SAN JOSE, Calif.--(BUSINESS WIRE)--Author Mary Wadden announced the highly anticipated release of “The Evolution of Silicon Valley: A History in Pictures”, a 300-page coffee table book filled with photographs tracing the evolution of Silicon Valley from a bucolic farming community to the global leader of technology and innovation.
This book reads more like a glossy magazine than a history book—transforming a potentially dry topic into something fun and entertaining. The first half of “The Evolution of Silicon Valley” is a journey through the Gold Rush and the region’s rich agricultural roots, making it easy to picture what life in the Bay Area was like 100 years ago with fun factoids and sleek photographs. Readers can glean answers to questions like, “Why does Palo Alto have two downtowns?” Or, “Why is President Herbert Hoover considered the first student of Stanford University?” (Hint: it has to do with failing many of the entrance exams.)
The second portion focuses on the modern-day gold rush of today’s high-tech Silicon Valley and addresses the question “Why did the invention of the microchip, personal computer and Internet all occur in this once sleepy farming community?” “The Evolution of Silicon Valley” provides an insider's perspective—told from the pioneers themselves, including the founders of companies like Intel, Intuit, NVidia and WAYMO, as well as venture capitalists and original members of the Homebrew Computer Club.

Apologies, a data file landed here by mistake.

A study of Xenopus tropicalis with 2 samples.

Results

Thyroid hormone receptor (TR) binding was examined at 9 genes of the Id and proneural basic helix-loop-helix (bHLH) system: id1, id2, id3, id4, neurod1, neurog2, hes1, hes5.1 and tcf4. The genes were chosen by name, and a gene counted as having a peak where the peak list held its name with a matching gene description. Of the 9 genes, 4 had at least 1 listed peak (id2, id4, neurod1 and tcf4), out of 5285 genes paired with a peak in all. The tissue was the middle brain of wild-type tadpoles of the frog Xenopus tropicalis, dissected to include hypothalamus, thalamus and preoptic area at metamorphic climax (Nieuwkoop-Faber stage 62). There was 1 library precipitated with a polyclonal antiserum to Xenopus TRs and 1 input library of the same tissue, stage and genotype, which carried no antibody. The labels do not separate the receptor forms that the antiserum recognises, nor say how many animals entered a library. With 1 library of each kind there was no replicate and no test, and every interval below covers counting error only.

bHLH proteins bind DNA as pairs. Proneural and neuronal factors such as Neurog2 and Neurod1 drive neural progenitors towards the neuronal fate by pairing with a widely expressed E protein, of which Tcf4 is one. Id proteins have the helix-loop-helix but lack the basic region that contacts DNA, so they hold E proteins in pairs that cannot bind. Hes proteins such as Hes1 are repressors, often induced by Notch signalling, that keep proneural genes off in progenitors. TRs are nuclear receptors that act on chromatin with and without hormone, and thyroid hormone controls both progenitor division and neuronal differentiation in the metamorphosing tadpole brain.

History buffs may recognize author Mary Wadden as this is an updated edition of the original coffee table book she published in 2013 titled “Silicon Valley: The History in Pictures.” The new content is focused on recent developments in software, entertainment, Internet of Things, autonomous vehicles, robotics and Artificial Intelligence.
“With change happening so fast these days, it’s fun to reflect on the past because as the saying goes: We can't know where we are going unless we know where we’ve been,” says Wadden. A Silicon Valley native, she considers this project her tribute to the region where the only constant is change itself.